The mission was a technology demonstrator which is typically the initial space mission conducted by space firms prior to taking up commercial missions. (AFP)Premium
The mission was a technology demonstrator which is typically the initial space mission conducted by space firms prior to taking up commercial missions. (AFP)

The maiden demonstrator, which carried three non-deployable payloads to a peak height of 89.5 kilometres above Earth, successfully completed its intended trajectory

A six-minute flight by a test rocket carrying three mock payloads made history on Friday in a nation that places dozens of satellites in space every year—it was India’s first private space mission.

Space startup Skyroot Aerospace launched its maiden demonstrator mission at 11.30 am from the Satish Dhawan Space Centre at Sriharikota in Andhra Pradesh.

The Vikram-S rocket soared to a distance of 89.5km from Earth before splashing into the Bay of Bengal just after 11:36am. The suborbital mission, named Prarambh (beginnings), was a success.

“Mission Prarambh is successfully accomplished. Congratulations SkyrootA, Congratulations India!" tweeted the Indian Space Research Organisation (Isro).

The mission was a technology demonstrator, typically the initial space mission conducted in the lead up to an actual flight.

New Beginnings

The Skyroot mission was enabled by India’s draft space communications policy, which opened up the domestic space sector to private firms. The Indian National Space Promotion and Authorization Centre (In-Space), a nodal authorization body under the government’s department of space (DoS), authorized Skyroot to conduct the launch mission. Isro offered its facilities under a transfer of technology clause that is expected to be part of India’s eventual space policy.

Industry stakeholders said the success of Skyroot’s mission would help validate India’s fledgling private space sector. Anil Kumar Bhatt, director general of industry body Indian Space Association, said the launch will “validate most of the technologies in the Vikram series of space launch vehicles planned by Skyroot in the coming years."

“Successful launch of indigenously developed and built low-earth orbit launch vehicle will propel private multi-billion space tech investments and accelerate delivery of constellations for new India like agriculture tech, energy transition and smart city infra," said Mahesh Kolli, co-founder and joint managing director of green energy firm Greenko, which has invested in Skyroot.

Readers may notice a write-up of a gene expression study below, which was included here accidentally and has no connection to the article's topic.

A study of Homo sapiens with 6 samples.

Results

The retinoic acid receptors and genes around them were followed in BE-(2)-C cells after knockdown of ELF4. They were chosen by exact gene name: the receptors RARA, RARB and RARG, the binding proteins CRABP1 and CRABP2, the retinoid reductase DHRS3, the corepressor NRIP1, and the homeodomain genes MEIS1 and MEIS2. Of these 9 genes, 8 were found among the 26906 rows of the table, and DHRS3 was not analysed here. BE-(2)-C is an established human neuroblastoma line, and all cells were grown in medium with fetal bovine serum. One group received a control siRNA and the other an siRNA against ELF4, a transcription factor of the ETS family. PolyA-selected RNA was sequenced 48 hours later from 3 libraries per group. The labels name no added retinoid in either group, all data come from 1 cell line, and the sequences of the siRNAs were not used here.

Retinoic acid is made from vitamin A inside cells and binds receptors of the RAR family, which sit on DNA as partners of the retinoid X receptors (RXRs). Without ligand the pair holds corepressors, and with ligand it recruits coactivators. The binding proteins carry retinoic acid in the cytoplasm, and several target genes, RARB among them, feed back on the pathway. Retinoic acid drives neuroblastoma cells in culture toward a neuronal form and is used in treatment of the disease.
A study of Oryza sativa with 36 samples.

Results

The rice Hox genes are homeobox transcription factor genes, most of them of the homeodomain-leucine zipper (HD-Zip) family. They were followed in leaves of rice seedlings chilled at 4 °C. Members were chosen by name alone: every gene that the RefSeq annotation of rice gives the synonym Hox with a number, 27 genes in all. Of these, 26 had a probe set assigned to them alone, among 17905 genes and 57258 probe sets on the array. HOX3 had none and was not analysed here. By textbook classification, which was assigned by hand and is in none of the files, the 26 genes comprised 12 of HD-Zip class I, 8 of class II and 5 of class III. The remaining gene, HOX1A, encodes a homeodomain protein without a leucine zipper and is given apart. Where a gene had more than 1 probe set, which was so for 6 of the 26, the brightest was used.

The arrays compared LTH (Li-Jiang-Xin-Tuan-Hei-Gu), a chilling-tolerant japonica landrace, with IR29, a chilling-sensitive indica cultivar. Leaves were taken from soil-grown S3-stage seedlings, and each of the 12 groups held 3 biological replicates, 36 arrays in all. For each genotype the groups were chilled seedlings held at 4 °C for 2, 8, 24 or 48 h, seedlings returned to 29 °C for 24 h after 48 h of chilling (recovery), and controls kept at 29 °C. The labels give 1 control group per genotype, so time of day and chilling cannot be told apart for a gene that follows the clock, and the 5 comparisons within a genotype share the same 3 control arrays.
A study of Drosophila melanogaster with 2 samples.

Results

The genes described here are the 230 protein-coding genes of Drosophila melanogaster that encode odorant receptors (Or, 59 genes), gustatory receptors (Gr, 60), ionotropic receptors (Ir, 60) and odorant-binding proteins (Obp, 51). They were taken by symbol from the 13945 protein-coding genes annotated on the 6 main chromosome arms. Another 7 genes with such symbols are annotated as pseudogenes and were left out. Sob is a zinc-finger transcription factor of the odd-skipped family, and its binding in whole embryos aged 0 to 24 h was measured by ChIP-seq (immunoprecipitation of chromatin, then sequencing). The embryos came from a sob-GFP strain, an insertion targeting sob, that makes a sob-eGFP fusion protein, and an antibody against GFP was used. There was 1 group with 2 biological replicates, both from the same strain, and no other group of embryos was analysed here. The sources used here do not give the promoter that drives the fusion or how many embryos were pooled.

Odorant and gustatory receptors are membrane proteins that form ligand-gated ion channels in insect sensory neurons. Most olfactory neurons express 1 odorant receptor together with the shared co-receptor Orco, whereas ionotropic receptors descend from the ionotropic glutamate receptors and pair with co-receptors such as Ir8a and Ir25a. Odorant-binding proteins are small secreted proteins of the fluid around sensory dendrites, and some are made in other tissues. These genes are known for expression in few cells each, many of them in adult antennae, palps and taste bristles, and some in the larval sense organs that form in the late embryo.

The mission is a precursor to commercial launch missions that Skyroot Aerospace plans to undertake next year alongside other homegrown space firms such as Agnikul Cosmos.

At the launch event of Vikram-S, a spokesperson for In-Space said a similar demonstrator launch for Agnikul Cosmos’ domestically built satellite launcher, Agnibaan, is expected in coming months.

Missions such as these, according to industry estimates, are expected to help India capture a larger chunk of the global commercial space economy, which presently stands at below 2%.

However, to do this, cost-effectiveness would be key. Chaitanya Giri, a space-tech expert at government-affiliated policy think tank Research and Information System for Developing Countries (RIS), said that for a firm like Skyroot, the next step would be to validate the cost factor of its launch vehicles.

“With future orbital missions, Indian ventures such as Skyroot would be competing with similar offerings around the world—such as Rocket Lab, as well as multiple private ventures across EU. This would make the cost factor imperative. There could also be the need for reusability, such as the Vikram-III launcher that would come later," Giri said.

The Vikram-S launcher was powered by a Kalam-80 solid propellant motor. Last week, at the announcement of the mission, Pawan Chandana, chief executive of Skyroot Aerospace, told Mint that Kalam-80 is a version of the Kalam-100 motor that is expected to be used in the firm’s Vikram-I rocket—expected to be the first commercial satellite deployer for the company.

Chandana said Friday’s launch validated the company’s 3D printed solid fuel motor and carbon fibre body. In June, the executive confirmed that the company 3D prints its engines from additive manufacturing facilities in Bengaluru and Chennai. Once demand builds up, Skyroot would also look to build its own 3D printing engine manufacturing facility—akin to what Agnikul Cosmos unveiled in July this year.

Over the past year, Isro has launched a total of 42 satellites across three missions.

ABOUT THE AUTHOR

Shouvik Das

Shouvik Das is a science, space and technology reporter for Mint and TechCircle. In his previous stints, he worked at publications such as CNN-News18 and Outlook Business. He has also reported on consumer technology and the automobile sector.